While poker broadcasts have become commonplace on networks like ESPN, 2003 was the year when no limit hold ’em really took its stranglehold on popular culture – due in large part to Chris Moneymaker’s historic run at the World Series of Poker – thus paving the way for any “average joe” to ante up for a chance at millions. Recently, Grantland completed an expansive oral history of the event – chronicling how Moneymaker managed to secure a seat, interviews with other pros, and the exploration of how the film Rounders impacted the gambling community. While a choice excerpt appears below, head over to Grantland to read the piece in its entirety.
In 1970, Benny Binion put together a publicity stunt to promote his casino in downtown Las Vegas. He sent out invitations to Johnny Moss, Doyle Brunson, Amarillo Slim Preston, and the rest of the world’s greatest card players and called it the World Series of Poker. Seven of them played cash games at Binion’s Horseshoe for three straight days, and when it was over, Moss was named “champion” in a vote of his peers. The next year, six entrants paid $5,000 apiece for the right to play in a no-limit Texas Hold ’em “freezeout” tournament, in which everyone started with the same number of chips and they played until one man had all the money. A year later, the buy-in doubled to $10,000. In the four decades since, the basic rules of the tournament and the amount of money required to enter have remained constant.
But the number of participants has not. The World Series of Poker main event surpassed 100 players for the first time in 1982. It cracked 200 in ’91, the first year in which the winner claimed a seven-figure cash prize. In 2002, 631 players entered, and the payout was $2 million.
Then came 2003. The 34th-annual World Series of Poker transformed the event into a pop-culture phenomenon. The numbers — by 2006, 8,773 players vied for a first-place prize of $12 million — illustrate how exponential the growth was. Poker went from a game understood by few and played in smoky backrooms to a television staple. In this 10th-anniversary oral history, more than 30 people who were part of the event explain what happened and what it meant for the poker business.
The Buildup to the Boom
Chris Moneymaker: In the late ’90s, I used to go to the casinos in Tunica [Mississippi]. There was a poker room, but I never went in because there were about 15 or 20 guys in there and the average age was about 70 years old, and they looked miserable. Me and my friends, we had a home game. We never played no-limit hold ’em. After we saw Rounders [which came out in 1998], we started playing almost exclusively no-limit hold ’em.
Brian Koppelman (Rounders cowriter, Grantland contributor): Within the poker world, Rounders had become important. It was the cultural touchstone for poker at the time. When David Levien and I were writing the movie, all we wanted was for it to be what Diner was for us: a movie that guys would quote to each other. You still can’t walk into a card room without hearing, “Pay that man his money.” I think Rounders gave people the vernacular and explained the game and what it meant to play Texas Hold ’em.1 And the World Series of Poker broadcasts were so important in writing Rounders. But we were always really frustrated there was no hole card view.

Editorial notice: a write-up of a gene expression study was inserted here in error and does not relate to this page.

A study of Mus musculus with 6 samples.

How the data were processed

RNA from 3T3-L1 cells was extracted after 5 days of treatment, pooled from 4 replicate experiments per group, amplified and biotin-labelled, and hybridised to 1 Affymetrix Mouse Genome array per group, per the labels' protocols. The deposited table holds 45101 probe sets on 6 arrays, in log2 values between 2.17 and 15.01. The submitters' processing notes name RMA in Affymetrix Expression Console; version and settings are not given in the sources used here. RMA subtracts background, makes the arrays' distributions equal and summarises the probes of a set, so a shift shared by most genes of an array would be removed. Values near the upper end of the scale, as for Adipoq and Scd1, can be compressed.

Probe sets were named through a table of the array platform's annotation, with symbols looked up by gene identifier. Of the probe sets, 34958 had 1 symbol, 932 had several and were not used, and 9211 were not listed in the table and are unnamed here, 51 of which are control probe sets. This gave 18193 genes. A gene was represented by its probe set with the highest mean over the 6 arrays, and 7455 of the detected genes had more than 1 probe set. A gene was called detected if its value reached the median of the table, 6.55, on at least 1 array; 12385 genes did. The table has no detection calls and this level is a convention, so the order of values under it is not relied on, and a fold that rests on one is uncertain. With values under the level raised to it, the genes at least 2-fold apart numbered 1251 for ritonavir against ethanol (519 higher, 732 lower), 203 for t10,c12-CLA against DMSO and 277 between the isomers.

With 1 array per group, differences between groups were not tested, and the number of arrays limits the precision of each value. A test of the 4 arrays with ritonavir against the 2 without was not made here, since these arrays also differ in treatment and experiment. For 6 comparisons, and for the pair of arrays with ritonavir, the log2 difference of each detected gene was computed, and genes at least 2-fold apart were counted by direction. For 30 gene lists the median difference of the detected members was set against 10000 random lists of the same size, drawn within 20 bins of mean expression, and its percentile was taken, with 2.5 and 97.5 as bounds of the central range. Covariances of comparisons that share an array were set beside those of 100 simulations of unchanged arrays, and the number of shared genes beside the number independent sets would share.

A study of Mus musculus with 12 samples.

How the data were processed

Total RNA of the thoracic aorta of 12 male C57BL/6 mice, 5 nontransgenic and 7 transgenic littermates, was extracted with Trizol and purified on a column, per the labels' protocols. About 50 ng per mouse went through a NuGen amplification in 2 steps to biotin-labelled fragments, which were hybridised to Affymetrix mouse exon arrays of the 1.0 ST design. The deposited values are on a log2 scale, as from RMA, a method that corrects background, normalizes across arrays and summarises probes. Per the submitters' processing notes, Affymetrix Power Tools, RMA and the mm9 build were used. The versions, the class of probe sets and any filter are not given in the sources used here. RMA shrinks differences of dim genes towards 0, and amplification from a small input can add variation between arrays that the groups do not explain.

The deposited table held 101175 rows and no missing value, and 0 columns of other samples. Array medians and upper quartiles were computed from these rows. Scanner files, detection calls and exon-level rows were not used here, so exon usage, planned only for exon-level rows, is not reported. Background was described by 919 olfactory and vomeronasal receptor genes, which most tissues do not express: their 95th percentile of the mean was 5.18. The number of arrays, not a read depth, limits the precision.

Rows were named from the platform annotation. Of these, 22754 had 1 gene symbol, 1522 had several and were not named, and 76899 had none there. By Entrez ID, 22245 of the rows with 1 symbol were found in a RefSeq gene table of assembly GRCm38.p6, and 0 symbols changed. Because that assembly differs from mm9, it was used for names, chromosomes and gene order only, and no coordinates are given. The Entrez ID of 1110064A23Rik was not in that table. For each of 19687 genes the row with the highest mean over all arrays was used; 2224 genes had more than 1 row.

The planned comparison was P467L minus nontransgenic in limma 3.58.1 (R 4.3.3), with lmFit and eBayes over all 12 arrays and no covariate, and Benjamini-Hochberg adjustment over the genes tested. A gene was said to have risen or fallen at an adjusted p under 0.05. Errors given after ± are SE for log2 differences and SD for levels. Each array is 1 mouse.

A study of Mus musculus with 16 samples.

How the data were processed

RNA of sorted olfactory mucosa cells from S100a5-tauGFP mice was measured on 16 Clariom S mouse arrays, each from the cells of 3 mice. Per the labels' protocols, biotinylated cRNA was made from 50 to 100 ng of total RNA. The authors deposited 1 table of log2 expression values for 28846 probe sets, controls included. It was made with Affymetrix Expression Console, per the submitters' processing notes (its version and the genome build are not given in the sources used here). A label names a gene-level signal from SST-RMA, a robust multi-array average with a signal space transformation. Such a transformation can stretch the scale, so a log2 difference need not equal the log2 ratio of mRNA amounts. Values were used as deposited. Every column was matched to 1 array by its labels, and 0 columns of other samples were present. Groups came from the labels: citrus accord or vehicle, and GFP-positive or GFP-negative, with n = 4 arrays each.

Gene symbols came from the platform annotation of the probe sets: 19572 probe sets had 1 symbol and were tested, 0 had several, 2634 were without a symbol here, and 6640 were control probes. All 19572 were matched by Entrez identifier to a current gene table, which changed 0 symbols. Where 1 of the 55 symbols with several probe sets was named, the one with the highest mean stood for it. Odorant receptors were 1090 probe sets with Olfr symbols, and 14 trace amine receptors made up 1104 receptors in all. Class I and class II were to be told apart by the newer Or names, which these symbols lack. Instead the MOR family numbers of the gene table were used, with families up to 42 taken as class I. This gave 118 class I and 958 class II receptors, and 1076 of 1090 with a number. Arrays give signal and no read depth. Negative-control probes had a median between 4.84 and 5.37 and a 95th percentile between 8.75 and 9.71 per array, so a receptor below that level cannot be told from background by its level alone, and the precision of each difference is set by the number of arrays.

Henry Orenstein (poker player, inventor): It was 1981 or ’82. I saw a poker show on ESPN, and there were six hands in a row where the player didn’t call, so we couldn’t see what happened! Then the thought struck me that if we put a camera in there, and we were able to see the pros’ cards, that would make the thing much more interesting. I called my engineers in, and within about four weeks we had a working model.
Cory Zeidman (2003 main event 39th-place finisher): I think Henry’s invention was more important than anything else in taking poker to the next level. It gave viewers inside information — seeing who’s bluffing, who’s not. Those old World Series broadcasts of Gabe Kaplan doing commentary, those were torturous! You didn’t know who the hell had what.
Koppelman: In the last poker scene of Rounders, Matt Damon’s character — originally we had written it so that you didn’t see his cards, so that you didn’t know he had the straight that mirrored Johnny Chan’s straight. And the director said to us, “We should show the cards,” and I said, “No, if you know the cards it’s not going to be as interesting.” John [Dahl] said, “Let’s put them both up in front of an audience. The same exact movie. The only difference is in one version you can see Matt’s cards, and in the other version you can’t see Matt’s cards.” And we played our version, the one where you couldn’t see the hand, and it went great. The crowd was really surprised when the cards turned over — it was awesome. But when we played the one where you could see that Matt had flopped the straight, the crowd was on the edge of their seats hoping that [John] Malkovich would fall for it. They were completely engaged. It was exactly the hole-card phenomenon. They wanted to be inside Matt’s head.
John Vorhaus (poker journalist, novelist): With the invention of the hole cam, we have the omniscience as an audience that we never had before. Now we’re watching a threat unfold where each player in the hand can be thought of as the protagonist. Suddenly, we can look at poker as an exercise in storytelling.
Kenna James (38th-place finisher): When I started playing in ’96, ’97, poker was still in the smoky backrooms. People were ashamed to tell their families that they played poker. They would lie and not admit that they enjoyed going to play a game of poker after work. There was still a lot of cheating going on. But it was slowly growing out of that. And this was the tipping point. At Binion’s Horseshoe2 in 2003, there was a sense that something special was happening.